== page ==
Expat comfort has its price. In comparison to the average standard of living among Shanghai’s lower-middle classes, the typical expatriate lifestyle is fairly luxurious. In 2013, a three-bedroom apartment in Shanghai cost about 15,000 CNY(or 2,500 USD). If you choose a non-prime area, housing will obviously be cheaper. Now as we approach 2016 prices obviously climb with demands so do not be surprised to go as high as 20,000 CNY.
Finding an apartment in Shanghai requires resilience and infinite patience. Do not be too hasty about signing a contract if you have any doubts about the landlord or the location. Trust your instincts and keep persevering.
Most of the thousands of letting agents in Shanghai are from surrounding provinces; few earn more than 3,000RMB/month, and all are chasing hard-fought-for commissions. Dealing with them requires a balance of patience and caution. The best way to work with agents is to be super specific as to what you require. Also, remember that most agents will give up on you after showing you five or six places if they think they’ve met your initial criteria. Being direct and clear about what you want will limit the potential for wasted visits to dud apartments. Street names, metro lines, and a specific budget are a minimum before you speak to an agent. You can find an agency close to the location that interests you. Their payments vary, which corresponded to 35% of one month’s rent. If the agent asks for more just tell him that 35% is the standard fee (I suggest you ask what the agency’s fee is before you start to check apartments).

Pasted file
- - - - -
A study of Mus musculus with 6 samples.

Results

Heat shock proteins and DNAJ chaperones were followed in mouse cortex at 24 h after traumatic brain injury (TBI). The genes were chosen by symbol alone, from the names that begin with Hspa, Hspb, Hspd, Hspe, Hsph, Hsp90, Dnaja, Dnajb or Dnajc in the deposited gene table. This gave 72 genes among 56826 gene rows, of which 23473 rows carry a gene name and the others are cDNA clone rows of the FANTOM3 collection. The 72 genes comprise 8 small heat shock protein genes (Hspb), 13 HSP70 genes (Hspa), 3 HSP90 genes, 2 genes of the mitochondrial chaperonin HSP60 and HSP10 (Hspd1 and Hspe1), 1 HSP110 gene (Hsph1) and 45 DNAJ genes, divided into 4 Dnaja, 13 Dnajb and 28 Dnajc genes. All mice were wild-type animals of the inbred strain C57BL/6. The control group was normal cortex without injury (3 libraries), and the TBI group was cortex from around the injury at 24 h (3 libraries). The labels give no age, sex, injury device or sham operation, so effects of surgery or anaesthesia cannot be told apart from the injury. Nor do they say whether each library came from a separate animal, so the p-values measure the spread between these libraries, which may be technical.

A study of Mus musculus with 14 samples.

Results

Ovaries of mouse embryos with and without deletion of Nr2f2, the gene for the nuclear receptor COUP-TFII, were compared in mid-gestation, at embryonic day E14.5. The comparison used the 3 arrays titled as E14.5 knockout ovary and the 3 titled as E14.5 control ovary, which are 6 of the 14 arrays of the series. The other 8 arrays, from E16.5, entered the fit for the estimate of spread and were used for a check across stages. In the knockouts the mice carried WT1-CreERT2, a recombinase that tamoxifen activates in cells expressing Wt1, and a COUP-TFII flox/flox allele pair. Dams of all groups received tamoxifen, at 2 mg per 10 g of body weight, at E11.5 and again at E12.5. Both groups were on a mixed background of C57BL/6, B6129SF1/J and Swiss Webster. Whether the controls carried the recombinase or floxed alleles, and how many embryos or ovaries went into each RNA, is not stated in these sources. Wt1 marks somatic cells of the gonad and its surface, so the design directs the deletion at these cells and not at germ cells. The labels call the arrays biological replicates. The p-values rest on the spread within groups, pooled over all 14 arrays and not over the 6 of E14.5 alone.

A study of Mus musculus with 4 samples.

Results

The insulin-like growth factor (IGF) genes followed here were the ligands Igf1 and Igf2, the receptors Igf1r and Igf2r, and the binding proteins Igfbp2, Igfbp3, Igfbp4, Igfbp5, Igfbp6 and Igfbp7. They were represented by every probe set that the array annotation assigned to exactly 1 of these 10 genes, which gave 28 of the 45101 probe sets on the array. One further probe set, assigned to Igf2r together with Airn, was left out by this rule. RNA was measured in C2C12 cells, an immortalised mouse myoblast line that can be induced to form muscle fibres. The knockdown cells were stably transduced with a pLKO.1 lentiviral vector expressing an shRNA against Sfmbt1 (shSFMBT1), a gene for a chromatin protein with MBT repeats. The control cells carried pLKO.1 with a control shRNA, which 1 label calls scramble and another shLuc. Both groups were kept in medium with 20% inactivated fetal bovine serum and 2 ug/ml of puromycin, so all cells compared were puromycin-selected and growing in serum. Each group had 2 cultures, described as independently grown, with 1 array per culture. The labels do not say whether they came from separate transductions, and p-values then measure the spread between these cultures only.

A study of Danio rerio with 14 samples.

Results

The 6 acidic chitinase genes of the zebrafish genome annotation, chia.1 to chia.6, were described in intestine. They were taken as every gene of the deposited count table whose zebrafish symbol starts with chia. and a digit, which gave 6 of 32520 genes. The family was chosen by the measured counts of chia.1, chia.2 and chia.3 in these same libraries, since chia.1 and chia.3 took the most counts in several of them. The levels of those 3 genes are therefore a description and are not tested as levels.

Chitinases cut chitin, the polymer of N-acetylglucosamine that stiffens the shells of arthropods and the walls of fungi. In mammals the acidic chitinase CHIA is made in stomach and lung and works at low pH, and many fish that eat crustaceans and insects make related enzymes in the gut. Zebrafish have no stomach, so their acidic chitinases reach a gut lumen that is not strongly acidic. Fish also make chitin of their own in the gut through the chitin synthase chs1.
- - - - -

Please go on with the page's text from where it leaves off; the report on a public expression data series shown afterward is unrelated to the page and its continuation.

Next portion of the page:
Treat a landlord meeting as a job interview: dress well, bring business cards and be prepared to answer questions about all aspects of your life. Many landlords aren’t in a time crunch, and will wait months to find “the right tenant.” Being late to a meeting with a Shanghainese landlord can ruin your chances of renting the apartment. Take off your shoes and try to speak some Chinese.
A golden rule never appears overly keen: If the landlord sees you’re really happy with the place it may make negotiating much harder. Negotiating rent is standard. You can use anything to negotiate, including the direction that the rooms are facing. Rooms facing south are preferred since people believe these spaces are cooler in the summer and warmer in the winter.
If the negotiations are at a standstill; There are a number of extras worth asking for: microwaves, convection ovens, new curtains, mattresses and even electrical goods like DVD players and flat-screen TVs or new furniture. Also not needing a fapiao can lower the rent by up to 15 percent. Paying cash sometimes helps too.
The municipal laws about when you’re allowed to renovate protect you. Shanghai’s Law on the Prevention of Noise Pollution states that noisy renovations are not allowed between 6 pm and 8 am and on all public holidays. If they violate this they will have to pay a fine of up to 500CNY. You can also call the official Shanghai noise pollution hotline (6286-3110) or the nation-wide noise complaint hotline(12369).
One last nugget of info: After moving to your new place, don’t forget to re-register with the Shanghai Police Station. As a normal tenant, though, you have to go to the nearest police station within 24 hours of your change of address. Bring along your valid passport and visa. You might also be asked to present your rental agreement and your landlord’s proof of ownership.